Most towns in New England started publishing annual reports of the town’s public business in the 1800’s and many smaller towns still carry on that trait today. The following list of 52 free annual reports for Lowell Massachusetts covers the years of 1862-1928 (incomplete). Each town provided different reports in it’s annual publications, but they generally contain information on vital records (births, marriages and deaths) for the year of publication (not always included in early years), lists of public officials, lists of police officers, firemen, and other government workers, including school teachers. Don’t overlook the town’s expenditures list, as it often included payments made to town citizens for work they performed in the town’s behest. Also, many towns include payments made for the support of the indigent within the town.
Clayhill Church is off County Road 5511 in Brundidge, Pike County, Alabama. These images are digital representations of their complete church register covering the years of 1887-1939. This is a valuable source of genealogical information for those who comprised the membership of this church. It’s also a great complement to any transcription of it’s cemetery as it may include information on the unreadable headstones, and those who have no headstones. Included within this register are birth, baptism, death, burial and membership information. Unfortunately there was no marriage information recorded.
From 1890-1903, the Dedham Historical Society in Dedham Massachusetts printed a quarterly pamphlet for it’s historical society called the “Dedham Historical Register.” In this pamphlet a variety of genealogical data was published on families of Dedham and the villages emanating from the early residents of Dedham, such as Dorchester, Franklin, Medfield, Medway, Needham, and Sharon, etc.
This is a collection of 191 free town vital records books, otherwise known as “Tan Books” for Massachusetts towns. Generally these records go up to 1849/1850 at which, the genealogist can use the census records to assist in identifying the family connections further. Included with this article is an account of why and how these manuscripts were published.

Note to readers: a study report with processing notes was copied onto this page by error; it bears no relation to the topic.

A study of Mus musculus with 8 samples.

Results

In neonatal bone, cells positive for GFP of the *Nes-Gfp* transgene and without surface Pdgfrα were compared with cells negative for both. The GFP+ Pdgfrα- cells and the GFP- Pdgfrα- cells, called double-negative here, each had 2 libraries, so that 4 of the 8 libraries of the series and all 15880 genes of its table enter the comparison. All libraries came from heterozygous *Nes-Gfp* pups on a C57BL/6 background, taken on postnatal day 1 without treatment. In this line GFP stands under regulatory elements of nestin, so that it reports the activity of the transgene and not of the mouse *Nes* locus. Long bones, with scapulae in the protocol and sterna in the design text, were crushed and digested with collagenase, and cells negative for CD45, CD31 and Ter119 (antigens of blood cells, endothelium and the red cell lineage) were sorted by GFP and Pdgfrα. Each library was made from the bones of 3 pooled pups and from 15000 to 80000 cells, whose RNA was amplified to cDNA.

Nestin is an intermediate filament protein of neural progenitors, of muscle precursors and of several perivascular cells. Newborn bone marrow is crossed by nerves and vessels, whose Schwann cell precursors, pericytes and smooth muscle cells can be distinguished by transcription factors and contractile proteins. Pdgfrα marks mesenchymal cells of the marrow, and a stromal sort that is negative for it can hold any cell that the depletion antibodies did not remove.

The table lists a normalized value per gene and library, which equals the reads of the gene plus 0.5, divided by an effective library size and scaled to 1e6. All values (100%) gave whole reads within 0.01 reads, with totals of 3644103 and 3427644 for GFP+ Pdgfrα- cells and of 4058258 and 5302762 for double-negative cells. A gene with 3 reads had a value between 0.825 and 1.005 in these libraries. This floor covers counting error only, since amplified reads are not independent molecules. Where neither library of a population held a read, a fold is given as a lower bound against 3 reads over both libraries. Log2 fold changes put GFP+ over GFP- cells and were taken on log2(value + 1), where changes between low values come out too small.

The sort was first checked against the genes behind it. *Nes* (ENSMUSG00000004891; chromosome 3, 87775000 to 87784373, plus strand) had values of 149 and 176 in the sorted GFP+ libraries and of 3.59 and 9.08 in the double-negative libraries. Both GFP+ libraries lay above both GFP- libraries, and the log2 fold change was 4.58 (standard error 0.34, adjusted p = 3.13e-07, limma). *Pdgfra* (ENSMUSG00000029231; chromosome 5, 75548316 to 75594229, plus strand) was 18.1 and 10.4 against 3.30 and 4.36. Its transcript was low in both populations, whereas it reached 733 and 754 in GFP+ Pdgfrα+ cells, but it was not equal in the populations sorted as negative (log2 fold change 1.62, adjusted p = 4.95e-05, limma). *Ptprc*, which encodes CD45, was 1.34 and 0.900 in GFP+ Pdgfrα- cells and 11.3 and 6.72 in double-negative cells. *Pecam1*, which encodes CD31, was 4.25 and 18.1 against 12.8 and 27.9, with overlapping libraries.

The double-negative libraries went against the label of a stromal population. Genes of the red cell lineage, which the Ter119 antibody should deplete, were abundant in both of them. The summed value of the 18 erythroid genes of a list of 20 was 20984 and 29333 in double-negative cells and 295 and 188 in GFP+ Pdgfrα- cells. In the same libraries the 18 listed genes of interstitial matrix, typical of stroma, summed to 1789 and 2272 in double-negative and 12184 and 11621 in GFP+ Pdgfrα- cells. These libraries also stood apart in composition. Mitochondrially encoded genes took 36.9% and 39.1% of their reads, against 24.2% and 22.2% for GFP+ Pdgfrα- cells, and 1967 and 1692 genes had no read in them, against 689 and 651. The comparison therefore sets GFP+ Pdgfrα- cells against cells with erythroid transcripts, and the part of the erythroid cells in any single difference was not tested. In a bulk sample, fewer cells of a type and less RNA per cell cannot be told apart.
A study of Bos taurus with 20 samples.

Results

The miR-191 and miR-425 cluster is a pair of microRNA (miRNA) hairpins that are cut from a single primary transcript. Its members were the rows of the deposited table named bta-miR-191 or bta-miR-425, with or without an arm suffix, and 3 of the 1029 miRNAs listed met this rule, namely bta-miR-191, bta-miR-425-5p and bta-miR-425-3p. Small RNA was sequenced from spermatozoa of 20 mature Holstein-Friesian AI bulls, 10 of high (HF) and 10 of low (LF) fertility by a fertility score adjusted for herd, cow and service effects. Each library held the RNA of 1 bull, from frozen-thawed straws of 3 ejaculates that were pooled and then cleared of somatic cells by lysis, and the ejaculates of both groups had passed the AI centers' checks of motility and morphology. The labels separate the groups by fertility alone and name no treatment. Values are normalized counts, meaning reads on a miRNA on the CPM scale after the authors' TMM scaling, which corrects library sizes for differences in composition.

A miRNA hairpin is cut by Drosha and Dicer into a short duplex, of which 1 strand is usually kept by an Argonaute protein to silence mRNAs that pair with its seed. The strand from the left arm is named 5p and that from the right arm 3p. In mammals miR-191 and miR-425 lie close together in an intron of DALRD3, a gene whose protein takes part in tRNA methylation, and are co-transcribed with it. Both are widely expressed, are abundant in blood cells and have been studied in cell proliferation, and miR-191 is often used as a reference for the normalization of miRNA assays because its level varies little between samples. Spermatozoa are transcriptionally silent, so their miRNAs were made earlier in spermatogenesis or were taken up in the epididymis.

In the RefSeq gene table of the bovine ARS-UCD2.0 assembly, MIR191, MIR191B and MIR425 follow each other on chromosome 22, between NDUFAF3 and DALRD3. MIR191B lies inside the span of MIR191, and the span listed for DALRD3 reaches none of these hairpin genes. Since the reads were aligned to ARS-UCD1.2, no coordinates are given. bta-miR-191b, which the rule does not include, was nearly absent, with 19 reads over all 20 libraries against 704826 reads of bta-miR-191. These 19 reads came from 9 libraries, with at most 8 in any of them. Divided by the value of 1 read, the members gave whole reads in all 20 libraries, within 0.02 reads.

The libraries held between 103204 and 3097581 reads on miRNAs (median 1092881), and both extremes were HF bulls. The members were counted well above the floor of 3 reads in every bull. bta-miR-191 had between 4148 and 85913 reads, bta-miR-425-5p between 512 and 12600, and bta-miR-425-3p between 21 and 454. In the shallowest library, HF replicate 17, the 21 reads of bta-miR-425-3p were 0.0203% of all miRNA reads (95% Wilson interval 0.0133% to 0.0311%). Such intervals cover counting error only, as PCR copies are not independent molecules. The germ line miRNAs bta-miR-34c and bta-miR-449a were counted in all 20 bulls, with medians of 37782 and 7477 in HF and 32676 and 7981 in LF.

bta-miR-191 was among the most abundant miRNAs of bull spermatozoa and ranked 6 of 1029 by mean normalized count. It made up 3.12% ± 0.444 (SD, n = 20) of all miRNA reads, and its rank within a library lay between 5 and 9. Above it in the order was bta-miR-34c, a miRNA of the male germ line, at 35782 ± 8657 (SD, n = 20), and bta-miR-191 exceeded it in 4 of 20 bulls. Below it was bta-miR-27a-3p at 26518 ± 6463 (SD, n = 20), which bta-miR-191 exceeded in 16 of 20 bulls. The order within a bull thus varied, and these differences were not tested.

Most Connecticut researchers are as familiar with the Barbour Collection of town records as Massachusetts researchers are with their “tan books” of town vital records. For those not familiar, in short, the Barber Collection provides a transcription and index of pre-1870 Connecticut vital records on a town by town basis. The Lucius Barnes Barbour Collection, as it is officially known has been housed in the Connecticut State Library since Lucius created it. For non local researchers, microfilm copies have been widely distributed over the years. Finally, it’s now becoming available online in an even wider distribution. The 123 volumes are arranged in alphabetical order according to town name. Within each town, the records are arranged in alphabetical order according to surname. Each marriage record is so arranged that all the vital records for a person is together, so birth and death records may also be found within the marriage records database. Unfortunately, it’s not all available online for free. We have provided the links for each town below depending on it’s availability at a free website, and then as a backup to Ancestry if the specific resource is not available for free.